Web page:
Recruiters and headhunters throw them out, employers get frustrated by them, and many job boards won't accept them.
So why are some job seekers still using functional resumes? Because for a long time, functional resumes were widely considered the best way to camouflage employment gaps or a lack of experience.
These days, it seems they’ve become more like a flashing neon sign that screams, "I'm trying to hide something!"
Award-winning resume writer and career strategist Barbara Safani thinks functional resumes should be renamed dysfunctional resumes. She says: "... if you’ve been leaning towards creating a functional resume to position yourself in front of a potential employer, you are probably headed in the wrong direction."
A purely functional resume emphasizes your skill sets rather than your employment history. When functional resumes became popular, the idea was to impress readers with your skills and strengths before they found out you hadn't worked for 10 years, or that you've never actually worked in the field you're targeting (not that there's anything wrong—or unusual—with either scenario.)
Unfortunately, for functional resumes to work, employers would actually have to read them. But they don't. Usually, they start off with a 10-second scan to quickly look for things like:
- Obvious typos or errors,
- Where you're from,
- Whether you have relevant qualifications,
- Your past job titles,
- The level of responsibility you've reached, and
- Where and when you acquired your experience.
A functional resume hides those details, which forces the reader to hunt for the desired information. But will they? Not according to executive recruiter Brad Remillard, who's conducted more than 50,000 interviews in the past 30 years. He says simply: "I don’t read them. It is obvious when one has a functional resume they are trying to hide something and I’m rarely going to take the time to attempt to figure it out."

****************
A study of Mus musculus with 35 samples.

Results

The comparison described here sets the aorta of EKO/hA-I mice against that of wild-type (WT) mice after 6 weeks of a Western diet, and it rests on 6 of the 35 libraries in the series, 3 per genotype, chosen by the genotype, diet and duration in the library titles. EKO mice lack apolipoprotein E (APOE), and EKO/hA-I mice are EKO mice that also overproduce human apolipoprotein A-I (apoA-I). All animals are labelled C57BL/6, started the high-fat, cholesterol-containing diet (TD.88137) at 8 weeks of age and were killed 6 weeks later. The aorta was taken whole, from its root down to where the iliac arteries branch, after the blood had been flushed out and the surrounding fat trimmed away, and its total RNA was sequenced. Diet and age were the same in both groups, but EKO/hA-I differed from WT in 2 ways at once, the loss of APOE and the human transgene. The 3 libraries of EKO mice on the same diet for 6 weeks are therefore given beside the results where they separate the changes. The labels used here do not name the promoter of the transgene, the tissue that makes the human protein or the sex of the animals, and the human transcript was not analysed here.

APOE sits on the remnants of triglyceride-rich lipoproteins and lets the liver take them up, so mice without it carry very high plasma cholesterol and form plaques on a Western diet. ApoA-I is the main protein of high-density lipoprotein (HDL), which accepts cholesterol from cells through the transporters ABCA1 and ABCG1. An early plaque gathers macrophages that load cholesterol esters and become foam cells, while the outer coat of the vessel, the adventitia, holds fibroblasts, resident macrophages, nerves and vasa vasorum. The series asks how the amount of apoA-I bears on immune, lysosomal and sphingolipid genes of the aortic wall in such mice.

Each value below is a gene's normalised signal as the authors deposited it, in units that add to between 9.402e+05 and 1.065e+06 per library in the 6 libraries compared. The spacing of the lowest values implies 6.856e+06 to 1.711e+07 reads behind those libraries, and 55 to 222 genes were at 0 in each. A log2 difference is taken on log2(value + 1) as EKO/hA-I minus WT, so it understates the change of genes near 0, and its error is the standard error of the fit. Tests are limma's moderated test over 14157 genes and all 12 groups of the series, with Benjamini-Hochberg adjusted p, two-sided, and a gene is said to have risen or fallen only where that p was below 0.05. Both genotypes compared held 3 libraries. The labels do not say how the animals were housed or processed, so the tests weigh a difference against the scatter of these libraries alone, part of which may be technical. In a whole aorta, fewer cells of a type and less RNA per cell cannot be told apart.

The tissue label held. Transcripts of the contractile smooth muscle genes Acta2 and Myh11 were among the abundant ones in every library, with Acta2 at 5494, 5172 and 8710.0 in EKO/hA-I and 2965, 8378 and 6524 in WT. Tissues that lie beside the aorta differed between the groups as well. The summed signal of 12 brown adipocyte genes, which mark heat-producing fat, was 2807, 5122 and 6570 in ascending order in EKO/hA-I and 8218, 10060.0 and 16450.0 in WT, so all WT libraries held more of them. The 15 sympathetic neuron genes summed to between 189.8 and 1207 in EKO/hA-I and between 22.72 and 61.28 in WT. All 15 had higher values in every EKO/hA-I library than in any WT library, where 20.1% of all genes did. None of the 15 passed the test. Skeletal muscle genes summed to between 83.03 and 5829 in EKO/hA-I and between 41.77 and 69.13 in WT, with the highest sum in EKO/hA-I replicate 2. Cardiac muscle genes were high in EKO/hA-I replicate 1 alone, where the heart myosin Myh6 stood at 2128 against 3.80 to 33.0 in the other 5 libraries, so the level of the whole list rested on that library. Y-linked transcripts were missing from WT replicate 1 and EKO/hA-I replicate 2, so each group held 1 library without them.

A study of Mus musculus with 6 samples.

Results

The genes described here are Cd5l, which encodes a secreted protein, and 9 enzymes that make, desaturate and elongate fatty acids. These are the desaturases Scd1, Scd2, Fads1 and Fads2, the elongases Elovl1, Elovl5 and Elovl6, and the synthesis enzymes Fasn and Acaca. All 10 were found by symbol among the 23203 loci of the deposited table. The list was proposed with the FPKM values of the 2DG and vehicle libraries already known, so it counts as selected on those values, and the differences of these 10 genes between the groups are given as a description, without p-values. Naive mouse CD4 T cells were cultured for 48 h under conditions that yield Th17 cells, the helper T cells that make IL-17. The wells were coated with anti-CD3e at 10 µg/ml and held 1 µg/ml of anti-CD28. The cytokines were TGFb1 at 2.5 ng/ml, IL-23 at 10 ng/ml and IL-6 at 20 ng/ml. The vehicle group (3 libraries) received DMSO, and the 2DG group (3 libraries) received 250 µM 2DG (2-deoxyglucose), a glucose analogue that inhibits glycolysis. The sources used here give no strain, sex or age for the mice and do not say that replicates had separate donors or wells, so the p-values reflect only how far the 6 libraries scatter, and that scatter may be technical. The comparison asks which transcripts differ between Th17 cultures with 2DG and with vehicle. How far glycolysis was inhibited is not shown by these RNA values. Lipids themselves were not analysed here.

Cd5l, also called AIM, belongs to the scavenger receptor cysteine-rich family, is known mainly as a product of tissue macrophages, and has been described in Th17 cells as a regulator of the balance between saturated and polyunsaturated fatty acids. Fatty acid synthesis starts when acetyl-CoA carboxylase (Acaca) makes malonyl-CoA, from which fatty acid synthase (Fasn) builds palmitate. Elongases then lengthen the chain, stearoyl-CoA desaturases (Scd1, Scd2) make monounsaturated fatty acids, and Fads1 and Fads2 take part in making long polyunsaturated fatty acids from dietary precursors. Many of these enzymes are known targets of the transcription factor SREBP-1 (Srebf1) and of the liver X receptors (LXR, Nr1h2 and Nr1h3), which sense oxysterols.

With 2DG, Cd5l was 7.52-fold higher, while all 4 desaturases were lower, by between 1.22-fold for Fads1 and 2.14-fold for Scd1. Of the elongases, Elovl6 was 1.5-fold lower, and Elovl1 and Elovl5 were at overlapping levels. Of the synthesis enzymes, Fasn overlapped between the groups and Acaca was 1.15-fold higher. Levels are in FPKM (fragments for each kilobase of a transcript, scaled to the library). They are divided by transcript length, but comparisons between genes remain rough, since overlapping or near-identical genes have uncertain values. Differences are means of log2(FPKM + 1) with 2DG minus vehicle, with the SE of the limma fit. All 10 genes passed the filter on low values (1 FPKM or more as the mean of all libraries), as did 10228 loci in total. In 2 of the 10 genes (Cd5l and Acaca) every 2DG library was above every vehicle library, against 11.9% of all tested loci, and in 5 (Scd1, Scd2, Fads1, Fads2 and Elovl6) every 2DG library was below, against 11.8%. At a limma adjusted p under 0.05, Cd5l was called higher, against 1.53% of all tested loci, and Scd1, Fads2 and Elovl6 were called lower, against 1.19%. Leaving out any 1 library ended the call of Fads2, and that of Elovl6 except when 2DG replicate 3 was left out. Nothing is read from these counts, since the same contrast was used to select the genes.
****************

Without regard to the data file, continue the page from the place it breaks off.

One other problem with functional resumes? Job boards and applicant-tracking systems might not be able to figure out how to store the data, since the "usual" sections are missing or out of order.
Your Best Bet? Chronological…with a Functional Twist
To ensure readers can find the information they want on your resume, you need to include a reverse-chronological listing of your past jobs. But first, borrow a little of the functional flair by opening your resume with a Summary of Qualifications that spotlights your most important skills, credentials, and accomplishments. This type of combination, or hybrid, resume is a good idea for most job seekers.
Having gaps in your resume is not a deal breaker. But trying to hide those gaps in a functional resume may be. Instead, use a combination resume, write a killer cover letter, and put your network to work for you!
We'd love to hear what HR people, recruiters, or other hiring professionals think about functional resumes. Or, if you're a job seeker who has used a functional resume, let us know how it worked! Post a comment below!